NEW YORK —
Just a dozen years ago, a worn, touched-up old painting of Christ went for less than $10,000 (8,450 euros) at an estate sale. On Wednesday, it was auctioned for a record-breaking $450 million (380 million euros) as a long-lost Leonardo da Vinci dubbed "the Last da Vinci" or the "male Mona Lisa."
Years of painstaking cleaning and study led scholars to authenticate it as Leonardo's roughly 500-year-old Salvator Mundi, Latin for Savior of the World. But some experts are stunned at the jaw-dropping price for a painting with a patchy history and heavy restoration.
Leonardo produced Salvator Mundi around 1500, according to Christie's auction house, which conducted Wednesday's sale. The painting depicts a blue-robed Jesus holding a crystal orb and gazing directly at the viewer.
The archetypal Renaissance man created some of the world's most famous paintings, including the Mona Lisa and The Last Supper, but fewer than 20 of his paintings are known to exist.
Salvator Mundi is the only one in private hands — since 2013, those of Russian billionaire Dmitry Rybolovlev. Thousands of people lined up to see it before the auction.
Intense interest understandable
The high price, easily a record for a work of art at auction or in a private sale, surprised even experts. But Old Master paintings expert Nicholas Hall said Thursday that it's understandable that the painting commanded intense interest from bidders and the public.
Leonardo is "completely in a class of his own as a mind, as a myth, as an artist," said Hall, a former Christie's official who now runs a New York gallery. "There was and is this huge, genuine interest in this artist, and the story behind this painting — and the painting."
The painting, possibly commissioned by France's King Louis XII, made its way to royalty in England, where prints and inventories record it in the mid-1600s, according to Christie's. Then the painting's trail went cold until an English collector acquired it in 1900. By then, many parts had been repainted, and it was attributed to Leonardo students, not the artist himself.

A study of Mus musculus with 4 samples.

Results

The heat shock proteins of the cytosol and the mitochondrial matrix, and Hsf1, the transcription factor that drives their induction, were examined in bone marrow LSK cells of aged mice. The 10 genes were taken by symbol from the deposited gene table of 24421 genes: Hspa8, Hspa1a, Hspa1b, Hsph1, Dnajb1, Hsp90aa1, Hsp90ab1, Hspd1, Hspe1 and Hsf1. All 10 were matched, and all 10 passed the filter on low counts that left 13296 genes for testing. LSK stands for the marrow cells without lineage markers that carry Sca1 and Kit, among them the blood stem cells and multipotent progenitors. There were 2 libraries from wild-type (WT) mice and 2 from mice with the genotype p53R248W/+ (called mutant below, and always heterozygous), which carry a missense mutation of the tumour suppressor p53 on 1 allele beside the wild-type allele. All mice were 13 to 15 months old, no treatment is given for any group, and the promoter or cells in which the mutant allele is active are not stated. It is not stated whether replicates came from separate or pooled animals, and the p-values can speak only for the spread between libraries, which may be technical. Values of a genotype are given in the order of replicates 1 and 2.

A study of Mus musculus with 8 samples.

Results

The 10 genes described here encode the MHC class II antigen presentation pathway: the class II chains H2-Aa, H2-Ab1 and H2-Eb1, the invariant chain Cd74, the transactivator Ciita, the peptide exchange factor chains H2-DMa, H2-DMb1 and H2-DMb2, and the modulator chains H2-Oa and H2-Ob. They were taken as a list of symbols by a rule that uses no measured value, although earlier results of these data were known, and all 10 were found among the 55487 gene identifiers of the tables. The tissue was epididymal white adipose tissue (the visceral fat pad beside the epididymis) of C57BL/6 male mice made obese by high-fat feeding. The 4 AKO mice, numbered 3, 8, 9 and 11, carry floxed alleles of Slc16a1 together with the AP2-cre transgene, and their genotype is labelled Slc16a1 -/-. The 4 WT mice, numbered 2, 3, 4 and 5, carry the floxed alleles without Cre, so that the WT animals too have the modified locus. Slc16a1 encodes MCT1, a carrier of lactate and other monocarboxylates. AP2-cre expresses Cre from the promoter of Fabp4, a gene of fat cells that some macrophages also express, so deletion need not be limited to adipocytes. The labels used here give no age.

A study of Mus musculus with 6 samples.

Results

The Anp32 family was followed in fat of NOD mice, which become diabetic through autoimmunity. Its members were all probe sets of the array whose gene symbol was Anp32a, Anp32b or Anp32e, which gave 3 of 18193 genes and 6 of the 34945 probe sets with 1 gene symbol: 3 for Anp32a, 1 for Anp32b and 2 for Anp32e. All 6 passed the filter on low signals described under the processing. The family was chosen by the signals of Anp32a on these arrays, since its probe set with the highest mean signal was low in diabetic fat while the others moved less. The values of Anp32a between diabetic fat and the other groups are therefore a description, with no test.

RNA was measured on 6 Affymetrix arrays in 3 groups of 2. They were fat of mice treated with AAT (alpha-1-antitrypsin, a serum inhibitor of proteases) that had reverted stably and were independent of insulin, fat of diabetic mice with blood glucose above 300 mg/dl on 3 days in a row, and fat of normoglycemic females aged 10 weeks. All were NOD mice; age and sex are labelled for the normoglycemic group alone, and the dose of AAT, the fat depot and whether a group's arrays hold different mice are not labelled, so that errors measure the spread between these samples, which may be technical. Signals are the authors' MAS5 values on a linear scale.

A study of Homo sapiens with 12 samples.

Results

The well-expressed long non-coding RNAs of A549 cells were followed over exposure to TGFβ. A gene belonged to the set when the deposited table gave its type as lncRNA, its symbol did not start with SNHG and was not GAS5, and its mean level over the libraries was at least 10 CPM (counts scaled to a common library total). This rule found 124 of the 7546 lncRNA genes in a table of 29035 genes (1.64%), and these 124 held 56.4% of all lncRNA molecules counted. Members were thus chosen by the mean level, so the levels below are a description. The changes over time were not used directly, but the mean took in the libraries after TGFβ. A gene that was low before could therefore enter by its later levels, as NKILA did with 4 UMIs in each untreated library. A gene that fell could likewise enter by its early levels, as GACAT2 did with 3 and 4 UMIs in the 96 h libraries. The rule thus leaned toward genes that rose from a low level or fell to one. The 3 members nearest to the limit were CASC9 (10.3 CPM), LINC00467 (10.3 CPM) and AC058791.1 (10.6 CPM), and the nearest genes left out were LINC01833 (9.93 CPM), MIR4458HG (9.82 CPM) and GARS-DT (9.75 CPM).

It was auctioned in 1958 for 45 pounds — about 1,000 pounds, $1,300 or 1,100 euros today — and slipped from the art world's view again until two New York art dealers bought it at the 2005 estate sale in the U.S.
"I recognized that there was tremendous quality to it," said one of the dealers, Robert Simon. But at first, "I didn't dare think it could be by Leonardo."
Because of the centuries of inexpert touch-ups, the dealers enlisted a conservator to clean and restore the painting. After a year and a half of work and research came "an extraordinary moment," Simon said: "We started to think that this painting, which was just an interesting picture, might actually be by this great master."
Further study, analysis and examination, involving at least a dozen experts, led to "a broad consensus" that the painting was an original Leonardo, according to Christie's. Among the factors: infrared imaging revealed that the artist had changed the composition slightly while working, indicating that the painting wasn't simply a copy.
Also, known Leonardo sketches correspond to the folds of the Christ figure's robes, Christie's noted, and the detailed curls and hands adhere to the artist's style.
The prestigious National Gallery in London included the painting in a 2011 Leonardo exhibition. Two years later, the owners, by then a consortium, sold it for $75 million to $80 million (63 million to 68 million euros) to a Swiss art dealer. The dealer soon sold it to Rybolovlev, for $127.5 million (108 million euros). The deal is a subject of a legal fight between the two.
Christie's isn't identifying the new buyer.
Some scholars think the painting should be attributed to Leonardo's studio, not to him personally.
"It's a good studio work with some participation from Leonardo," perhaps 15 percent, said Jacques Franck, a Paris-based art historian who has published scholarly articles on the artist.
Among his arguments: that the figure's hand doesn't reflect Leonardo's mastery of anatomy.
To some others in the art world, the price is dumbfounding given the painting's condition and the gaps in its provenance.
"It's got a mystique? That's enough to drop half a billion dollars?" asked Todd Levin, a New York-based art adviser who consults with clients on purchases. "It's a triumph of branding and desire over connoisseurship or expertise and reality."
Not so, said Simon, the former co-owner.
"There's always room for subjectivity of opinion," he said, but "the evidence is overwhelming that this is a Leonardo."
And beyond that, he said, "this is an extremely compelling picture that has a great spiritual effect on many people."